Why does God refer to Himself in the plural in Genesis 1:26 and 3:22?Question: "Why does God refer to Himself in the plural in Genesis 1:26 and 3:22?"
Answer: Genesis 1:26 says, “Then God said, ‘Let us make man in our image, in our likeness, and let them rule over the fish of the sea and the birds of the air, over the livestock, over all the earth, and over all the creatures that move along the ground.’” Genesis 3:22 states, “And the LORD God said, ‘The man has now become like one of us.’” There are other passages in the Old Testament in which God refers to Himself using plural constructions. It is also interesting to note that Elohim, one of the primary titles of God in the Old Testament (occurring over 2,500 times), is in the plural form.
Some people have used these verses to hypothesize that there are more than one God. However, we can rule out polytheism (belief in multiple gods), because that would contradict countless other Scriptures that tell us that God is one and that there is only one God. Three times in Isaiah 45 alone, God states, “I am the LORD, and there is no other; there is no God besides Me” (vv. 5, 6, 18).
A second possible explanation for God’s referring to Himself in the plural is that God was including the angels in His statement. In saying “us” and “our,” God was speaking of all the heavenly host, Himself included. However, the Bible nowhere states that angels have the same “image” or “likeness” as God (see Genesis 1:26). That description is given to humanity alone.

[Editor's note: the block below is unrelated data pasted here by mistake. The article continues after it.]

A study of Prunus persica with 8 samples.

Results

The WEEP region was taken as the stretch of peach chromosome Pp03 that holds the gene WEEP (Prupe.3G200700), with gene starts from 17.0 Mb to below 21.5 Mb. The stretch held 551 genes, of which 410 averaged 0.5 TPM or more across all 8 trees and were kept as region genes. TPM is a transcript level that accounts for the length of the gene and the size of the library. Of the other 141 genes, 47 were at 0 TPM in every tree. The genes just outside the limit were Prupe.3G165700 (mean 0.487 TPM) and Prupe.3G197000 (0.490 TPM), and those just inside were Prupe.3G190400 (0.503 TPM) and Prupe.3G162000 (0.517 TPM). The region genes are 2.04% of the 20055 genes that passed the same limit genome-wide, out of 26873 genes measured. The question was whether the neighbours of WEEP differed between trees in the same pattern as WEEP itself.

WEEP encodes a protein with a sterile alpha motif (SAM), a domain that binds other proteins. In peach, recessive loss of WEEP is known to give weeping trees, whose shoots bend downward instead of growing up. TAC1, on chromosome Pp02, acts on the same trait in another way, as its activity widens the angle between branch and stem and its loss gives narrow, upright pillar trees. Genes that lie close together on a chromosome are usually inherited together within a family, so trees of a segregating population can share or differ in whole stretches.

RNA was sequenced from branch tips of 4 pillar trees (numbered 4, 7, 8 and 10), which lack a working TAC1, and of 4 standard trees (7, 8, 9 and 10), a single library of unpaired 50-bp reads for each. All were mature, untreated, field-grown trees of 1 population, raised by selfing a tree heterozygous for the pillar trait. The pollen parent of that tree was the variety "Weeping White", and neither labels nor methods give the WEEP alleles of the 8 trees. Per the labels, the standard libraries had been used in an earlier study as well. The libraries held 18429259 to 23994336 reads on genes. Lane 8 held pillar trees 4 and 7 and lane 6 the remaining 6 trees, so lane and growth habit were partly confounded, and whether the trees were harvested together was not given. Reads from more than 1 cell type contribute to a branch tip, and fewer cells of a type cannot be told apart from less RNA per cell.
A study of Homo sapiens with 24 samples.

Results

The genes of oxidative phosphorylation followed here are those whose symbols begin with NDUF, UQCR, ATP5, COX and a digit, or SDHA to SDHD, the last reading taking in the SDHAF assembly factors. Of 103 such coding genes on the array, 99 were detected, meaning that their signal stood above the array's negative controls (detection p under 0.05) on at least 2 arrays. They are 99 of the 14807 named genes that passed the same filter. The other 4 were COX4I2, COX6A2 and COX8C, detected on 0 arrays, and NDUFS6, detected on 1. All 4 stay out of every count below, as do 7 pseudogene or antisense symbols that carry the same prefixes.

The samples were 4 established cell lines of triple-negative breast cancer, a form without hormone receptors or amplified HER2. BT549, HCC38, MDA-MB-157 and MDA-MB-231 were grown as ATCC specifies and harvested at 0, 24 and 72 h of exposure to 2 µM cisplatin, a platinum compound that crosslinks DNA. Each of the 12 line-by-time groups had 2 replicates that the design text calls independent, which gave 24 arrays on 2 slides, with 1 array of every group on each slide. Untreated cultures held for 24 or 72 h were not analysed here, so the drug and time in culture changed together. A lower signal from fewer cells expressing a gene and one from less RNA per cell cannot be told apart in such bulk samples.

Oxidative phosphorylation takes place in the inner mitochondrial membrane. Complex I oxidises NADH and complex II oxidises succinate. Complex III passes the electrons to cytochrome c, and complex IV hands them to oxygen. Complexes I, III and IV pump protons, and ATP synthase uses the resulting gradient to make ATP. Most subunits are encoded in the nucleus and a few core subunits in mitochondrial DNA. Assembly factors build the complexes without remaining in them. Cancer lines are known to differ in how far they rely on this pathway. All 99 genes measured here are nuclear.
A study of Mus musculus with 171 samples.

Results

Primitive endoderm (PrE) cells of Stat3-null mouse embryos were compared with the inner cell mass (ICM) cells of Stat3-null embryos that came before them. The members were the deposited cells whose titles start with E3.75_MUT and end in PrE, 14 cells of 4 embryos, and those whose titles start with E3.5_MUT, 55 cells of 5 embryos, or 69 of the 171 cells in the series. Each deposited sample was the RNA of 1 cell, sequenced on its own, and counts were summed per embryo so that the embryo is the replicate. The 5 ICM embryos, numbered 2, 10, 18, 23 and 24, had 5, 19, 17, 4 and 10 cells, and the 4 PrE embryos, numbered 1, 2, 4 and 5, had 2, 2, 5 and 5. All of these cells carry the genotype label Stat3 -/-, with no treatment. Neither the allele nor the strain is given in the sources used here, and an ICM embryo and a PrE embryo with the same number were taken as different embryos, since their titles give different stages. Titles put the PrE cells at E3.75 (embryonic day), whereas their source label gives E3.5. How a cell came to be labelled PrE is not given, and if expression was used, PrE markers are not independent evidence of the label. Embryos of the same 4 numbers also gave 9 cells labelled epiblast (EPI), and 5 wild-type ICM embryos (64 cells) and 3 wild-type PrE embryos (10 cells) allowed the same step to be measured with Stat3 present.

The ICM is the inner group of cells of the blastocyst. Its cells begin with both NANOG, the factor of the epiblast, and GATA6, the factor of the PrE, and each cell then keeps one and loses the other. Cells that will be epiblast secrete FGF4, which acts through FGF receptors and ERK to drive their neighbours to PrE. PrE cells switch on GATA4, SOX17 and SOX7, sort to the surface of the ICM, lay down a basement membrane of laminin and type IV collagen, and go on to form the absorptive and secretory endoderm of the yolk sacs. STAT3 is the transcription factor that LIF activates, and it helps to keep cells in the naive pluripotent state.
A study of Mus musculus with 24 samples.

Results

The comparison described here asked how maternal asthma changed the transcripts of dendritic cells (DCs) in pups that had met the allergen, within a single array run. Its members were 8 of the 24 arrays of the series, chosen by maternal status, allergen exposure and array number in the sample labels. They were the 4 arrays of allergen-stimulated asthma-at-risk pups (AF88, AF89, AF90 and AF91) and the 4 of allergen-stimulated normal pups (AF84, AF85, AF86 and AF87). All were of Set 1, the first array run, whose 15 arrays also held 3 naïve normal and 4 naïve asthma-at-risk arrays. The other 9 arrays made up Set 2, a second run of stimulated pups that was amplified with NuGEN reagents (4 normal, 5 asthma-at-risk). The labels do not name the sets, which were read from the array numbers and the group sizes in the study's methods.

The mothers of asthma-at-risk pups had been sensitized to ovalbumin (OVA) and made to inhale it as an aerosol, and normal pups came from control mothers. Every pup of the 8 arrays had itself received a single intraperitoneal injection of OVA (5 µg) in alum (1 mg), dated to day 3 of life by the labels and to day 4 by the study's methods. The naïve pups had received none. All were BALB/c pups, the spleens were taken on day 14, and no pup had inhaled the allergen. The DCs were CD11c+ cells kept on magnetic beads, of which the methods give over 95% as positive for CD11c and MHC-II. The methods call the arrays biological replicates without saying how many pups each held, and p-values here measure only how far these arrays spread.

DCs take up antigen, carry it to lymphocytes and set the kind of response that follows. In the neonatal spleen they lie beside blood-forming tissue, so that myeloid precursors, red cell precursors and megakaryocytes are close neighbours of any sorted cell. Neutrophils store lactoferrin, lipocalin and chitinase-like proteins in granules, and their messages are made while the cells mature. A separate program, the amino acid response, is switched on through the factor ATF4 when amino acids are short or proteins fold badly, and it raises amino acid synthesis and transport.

Since the Bible, and the New Testament especially, presents God as a Trinity (three Persons but only one God), Genesis 1:26 and 3:22 can only represent a conversation within the Trinity. God the Father is having a “conversation” with God the Son and God the Holy Spirit. The Old Testament hints at the plurality of God, and the New Testament clarifies this plurality with the doctrine of the Trinity. Obviously, there is no way we can fully understand how this works, but God has given us enough information to know that He does exist in three Persons—Father, Son, and Holy Spirit.
Recommended Resource: Knowing God by J.I. Packer
Why does God refer to Himself in the plural in Genesis 1:26 and 3:22?